Achanthiptera rohrelliformis, copyright Henk Soepenberg.

Belongs within: Calyptratae.
Contains: Atherigona, Azeliinae, Reinwardtiinae, Coenosiinae, Mydaeinae.

The Muscidae, house flies, are a cosmopolitan group of ecologically diverse flies. Members are characterised by wings with vein A1 extending halfway to the wing margin and hind tibiae lacking a mid-dorsal bristle (Savage & Vockeroth 2010).

Representatives include Achanthiptera rohrelliformis, a yellowish fly found in the Palaearctic region whose larvae feed on decaying matter in wasp nests. This species has relatively primitive external genitalia, placing it as the sister taxon to other members of the family (Fan 1992). Philornis is a New World genus whose larvae are associated with bird nests, varying from scavengers to subcutaneous parasites of the nestlings. Charadrella, a Neotropical genus in which the first flagellomere of the antenna is about six times as long as wide, includes at least one viviparous species whose larvae feed on dead gastropods (Savage & Vockeroth 2010).

Characters (from Savage & Vockeroth 2010): Small to large flies (body length 2–20 mm). Stout or slender, generally dull grey, black or yellow but occasionally metallic blue or green. Male frons narrow to broad, with one to many frontal bristles. Female frons at least one-fourth as wide as head, with or without pair of cruciate interfrontal bristles. Eyes bare or setulose. Antennal pedicel with distinct dorsal seam, arista almost bare to long plumose or pectinate. Proboscis generally with prementum broad and labella fleshy, but with prementum tapering to slender apex and labella reduced in some. Thoracic bristles usually distinct and long, meron without row of strong bristles. Wings well developed, with vein A1 incomplete, not reaching wing margin, occasionally with setulae above or below R3 and R4+5. Both calypters generally well developed. Legs usually slender, occasionally with marked modifications or tufts of fine setae in males. Hind tibia without true dorsal bristle on apical half, but often with posterodorsal bristle (calcar) at about two-thirds from base. First hind tarsomere usually without sub-basal ventral seta. Abdominal sclerites 6–8 in males usually asymmetric.

<==Muscidae [Eginiidae]
    |--Achanthiptera Rondani 1856 [=Acanthiptera Lioy 1864; Achanthipterinae]F92
    |    `--*A. rohrelliformis (R.-D. 1830)F92 [=Phyllis rohrelliformisF92; incl. A. inanisRD77]
Muscidae incertae sedis:
    |--P. downsiHSS13
    `--P. piciSWK87
  Neomuscina tripunctataSV10
  Cyrtoneurina [Cyrtoneurininae]SV10
  Neivamyia Pinto & Fonseca 1930SV10, P73
    |--C. macrosomaSV10
    `--C. malacophagaSV10
  Sarcopromusca arcuataSV10
  Agenamyia exoticaSV10
  Biopyrellia bipunctaSV10
  Callainireinwardtia woodiSV10
  Polietina pruinosaHV87
  Hemichlora scordalusSV10
  Chortinus bequaertiSV10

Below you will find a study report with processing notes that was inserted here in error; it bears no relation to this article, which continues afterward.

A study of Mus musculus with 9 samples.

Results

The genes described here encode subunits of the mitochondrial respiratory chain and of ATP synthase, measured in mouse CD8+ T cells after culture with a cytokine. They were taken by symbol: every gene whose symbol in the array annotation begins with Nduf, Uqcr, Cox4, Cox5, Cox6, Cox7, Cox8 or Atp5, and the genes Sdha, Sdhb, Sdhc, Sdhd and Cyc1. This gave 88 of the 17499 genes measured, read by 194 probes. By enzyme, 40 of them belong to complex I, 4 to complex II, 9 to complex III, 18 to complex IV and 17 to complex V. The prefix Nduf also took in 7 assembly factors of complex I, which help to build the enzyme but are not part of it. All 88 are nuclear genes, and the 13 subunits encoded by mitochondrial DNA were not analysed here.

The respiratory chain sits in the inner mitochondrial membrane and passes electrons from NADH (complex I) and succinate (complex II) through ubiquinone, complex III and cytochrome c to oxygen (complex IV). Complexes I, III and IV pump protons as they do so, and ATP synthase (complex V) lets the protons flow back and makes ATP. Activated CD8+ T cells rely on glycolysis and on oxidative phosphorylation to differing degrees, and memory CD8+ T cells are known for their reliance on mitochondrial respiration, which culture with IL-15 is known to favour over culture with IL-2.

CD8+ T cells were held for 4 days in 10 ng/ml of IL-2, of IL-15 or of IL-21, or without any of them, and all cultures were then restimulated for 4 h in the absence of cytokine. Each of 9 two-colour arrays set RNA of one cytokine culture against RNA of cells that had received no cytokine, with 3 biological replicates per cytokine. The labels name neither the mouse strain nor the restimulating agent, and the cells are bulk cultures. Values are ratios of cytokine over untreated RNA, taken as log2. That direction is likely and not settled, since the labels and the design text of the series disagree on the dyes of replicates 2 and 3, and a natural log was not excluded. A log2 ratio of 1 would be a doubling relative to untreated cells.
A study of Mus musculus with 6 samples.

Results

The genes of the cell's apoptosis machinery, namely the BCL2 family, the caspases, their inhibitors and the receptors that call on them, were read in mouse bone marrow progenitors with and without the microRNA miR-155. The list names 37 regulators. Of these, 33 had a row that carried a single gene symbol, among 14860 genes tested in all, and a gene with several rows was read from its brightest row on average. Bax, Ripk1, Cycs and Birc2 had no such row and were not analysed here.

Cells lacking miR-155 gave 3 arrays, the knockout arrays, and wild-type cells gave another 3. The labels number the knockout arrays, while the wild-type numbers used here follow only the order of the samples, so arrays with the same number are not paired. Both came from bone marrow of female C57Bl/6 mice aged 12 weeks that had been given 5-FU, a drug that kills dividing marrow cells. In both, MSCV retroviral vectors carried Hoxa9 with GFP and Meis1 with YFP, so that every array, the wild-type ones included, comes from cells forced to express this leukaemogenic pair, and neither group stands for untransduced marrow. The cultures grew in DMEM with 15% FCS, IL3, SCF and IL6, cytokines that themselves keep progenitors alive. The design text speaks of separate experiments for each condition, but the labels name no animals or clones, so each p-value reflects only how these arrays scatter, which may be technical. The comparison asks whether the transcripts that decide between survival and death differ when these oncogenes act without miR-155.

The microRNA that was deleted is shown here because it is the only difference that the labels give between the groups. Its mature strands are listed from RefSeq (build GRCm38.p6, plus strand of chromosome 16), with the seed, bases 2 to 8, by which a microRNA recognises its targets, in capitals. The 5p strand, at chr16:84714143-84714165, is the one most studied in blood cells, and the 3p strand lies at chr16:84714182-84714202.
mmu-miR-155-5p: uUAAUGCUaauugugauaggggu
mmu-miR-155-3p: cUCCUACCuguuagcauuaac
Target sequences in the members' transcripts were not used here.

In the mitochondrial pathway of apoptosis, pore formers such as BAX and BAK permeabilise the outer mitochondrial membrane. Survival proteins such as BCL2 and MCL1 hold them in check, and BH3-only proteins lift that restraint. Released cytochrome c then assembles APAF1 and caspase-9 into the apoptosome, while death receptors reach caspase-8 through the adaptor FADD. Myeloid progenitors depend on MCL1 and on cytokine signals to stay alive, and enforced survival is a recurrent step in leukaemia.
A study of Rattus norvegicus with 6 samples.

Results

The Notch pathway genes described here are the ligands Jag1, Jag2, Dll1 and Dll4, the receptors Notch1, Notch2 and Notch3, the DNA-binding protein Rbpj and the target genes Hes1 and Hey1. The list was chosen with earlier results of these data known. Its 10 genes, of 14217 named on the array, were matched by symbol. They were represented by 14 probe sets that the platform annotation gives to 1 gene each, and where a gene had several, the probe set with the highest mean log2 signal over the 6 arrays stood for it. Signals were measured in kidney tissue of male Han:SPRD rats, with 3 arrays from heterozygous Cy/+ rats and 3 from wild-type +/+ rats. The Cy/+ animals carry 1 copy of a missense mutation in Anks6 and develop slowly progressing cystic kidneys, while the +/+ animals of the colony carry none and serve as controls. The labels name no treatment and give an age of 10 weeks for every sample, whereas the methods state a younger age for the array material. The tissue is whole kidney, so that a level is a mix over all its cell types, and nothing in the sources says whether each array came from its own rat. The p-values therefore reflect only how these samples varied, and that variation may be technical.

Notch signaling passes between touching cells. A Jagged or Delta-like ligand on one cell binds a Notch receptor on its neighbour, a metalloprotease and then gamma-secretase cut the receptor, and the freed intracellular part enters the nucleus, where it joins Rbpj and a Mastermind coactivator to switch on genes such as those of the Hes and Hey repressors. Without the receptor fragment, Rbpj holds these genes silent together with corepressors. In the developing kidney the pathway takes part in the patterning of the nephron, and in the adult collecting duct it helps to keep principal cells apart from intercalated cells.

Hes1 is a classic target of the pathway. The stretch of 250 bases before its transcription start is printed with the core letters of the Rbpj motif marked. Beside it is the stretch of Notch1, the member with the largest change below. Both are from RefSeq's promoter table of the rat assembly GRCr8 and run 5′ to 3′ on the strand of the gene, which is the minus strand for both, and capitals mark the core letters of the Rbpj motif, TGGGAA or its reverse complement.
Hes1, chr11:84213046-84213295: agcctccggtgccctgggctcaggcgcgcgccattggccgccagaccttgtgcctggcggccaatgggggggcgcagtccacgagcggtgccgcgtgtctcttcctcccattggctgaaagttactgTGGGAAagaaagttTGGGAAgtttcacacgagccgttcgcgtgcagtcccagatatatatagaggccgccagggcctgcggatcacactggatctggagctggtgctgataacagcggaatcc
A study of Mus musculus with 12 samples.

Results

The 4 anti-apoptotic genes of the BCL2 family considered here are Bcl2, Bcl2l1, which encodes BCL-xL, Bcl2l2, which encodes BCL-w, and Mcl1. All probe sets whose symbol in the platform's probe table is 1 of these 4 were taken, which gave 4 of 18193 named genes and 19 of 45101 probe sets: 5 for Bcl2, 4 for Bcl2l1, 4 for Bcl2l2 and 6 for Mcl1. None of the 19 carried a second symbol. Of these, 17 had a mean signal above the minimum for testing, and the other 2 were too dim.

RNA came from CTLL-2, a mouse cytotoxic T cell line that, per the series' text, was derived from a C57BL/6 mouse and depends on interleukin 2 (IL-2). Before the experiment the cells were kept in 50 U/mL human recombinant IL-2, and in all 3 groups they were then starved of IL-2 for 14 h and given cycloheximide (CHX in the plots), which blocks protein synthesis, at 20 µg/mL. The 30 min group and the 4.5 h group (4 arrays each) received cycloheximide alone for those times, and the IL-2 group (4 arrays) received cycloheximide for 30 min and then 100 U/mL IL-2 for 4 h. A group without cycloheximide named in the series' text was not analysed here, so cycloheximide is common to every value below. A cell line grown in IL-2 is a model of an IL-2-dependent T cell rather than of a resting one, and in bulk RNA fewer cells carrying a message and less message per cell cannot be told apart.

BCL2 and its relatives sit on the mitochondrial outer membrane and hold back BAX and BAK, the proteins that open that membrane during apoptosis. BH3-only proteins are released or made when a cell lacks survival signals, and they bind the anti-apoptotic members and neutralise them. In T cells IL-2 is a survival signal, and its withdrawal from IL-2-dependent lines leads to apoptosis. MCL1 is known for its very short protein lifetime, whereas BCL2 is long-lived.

Tetramerinx littoralisSV10
  Bithoracochaeta leucoproctaSV10, HV87 [incl. Hydrophoria calopus Bigot 1885H72, H. calopoda msH72]
    |--N. basalisSV10
    `--N. ovata [=Coenosia ovata]SV10
    |--L. aequifronsSV10
    `--L. guatemalaSV10
  Pilispina medinaiSV10
    |--M. amazonicaSV10
    `--M. fuscisquama [=Phorbia fuscisquama]SV10
  Pentacricia aldrichiiHV87
  Lophosceles cinereiventrisHV87

*Type species of generic name indicated


[F92] Fan Z. 1992. Key to the Common Flies of China 2nd ed. Science Press: Beijing.

[HSS13] Hirschfeld, E., A. Swash & R. Still. 2013. The World’s Rarest Birds. Princeton University Press: Princeton (New Jersey).

[H72] Huckett, H. C. 1972. Notes on Bigot’s North American type-specimens at the University Museum, Oxford (Diptera: Anthomyiidae, Muscidae). Pan-Pacific Entomologist 48 (2): 81–85.

[HV87] Huckett, H. C., & J. R. Vockeroth. 1987. Muscidae. In: McAlpine, J. F. (ed.) Manual of Nearctic Diptera vol. 2 pp. 1115–1131. Research Branch, Agriculture Canada.

[KP10] Kutty, S. N., T. Pape, B. M. Wiegmann & R. Meier. 2010. Molecular phylogeny of the Calyptratae (Diptera: Cyclorrhapha) with an emphasis on the superfamily Oestroidea and the position of Mystacinobiidae and McAlpine’s fly. Systematic Entomology 35: 614–635.

[P73] Pont, A. C. 1973. Studies on Australian Muscidae (Diptera). IV. A revision of the subfamilies Muscinae and Stomoxyinae. Australian Journal of Zoology, Supplementary Series 21: 129–296.

[RD77] Richards, O. W., & R. G. Davies. 1977. Imms’ General Textbook of Entomology 10th ed. vol. 2. Classification and Biology. Chapman and Hall: London.

[SV10] Savage, J., & J. R. Vockeroth. 2010. Muscidae (house flies, stable flies). In: Brown, B. V., A. Borkent, J. M. Cumming, D. M. Wood, N. E. Woodley & M. A. Zumbado (eds) Manual of Central American Diptera vol. 2 pp. 1281–1295. NRC Research Press: Ottawa.

[SWK87] Snyder, N. F. R., J. W. Wiley & C. B. Kepler. 1987. The Parrots of Luquillo: Natural history and conservation of the Puerto Rican parrot. Western Foundation of Vertebrate Zoology: Los Angeles.

[T90] Teskey, H. J. 1990. Insecta: Diptera larvae. In: Dindal, D. L. (ed.) Soil Biology Guide pp. 1253–1276. John Wiley & Sones: New York.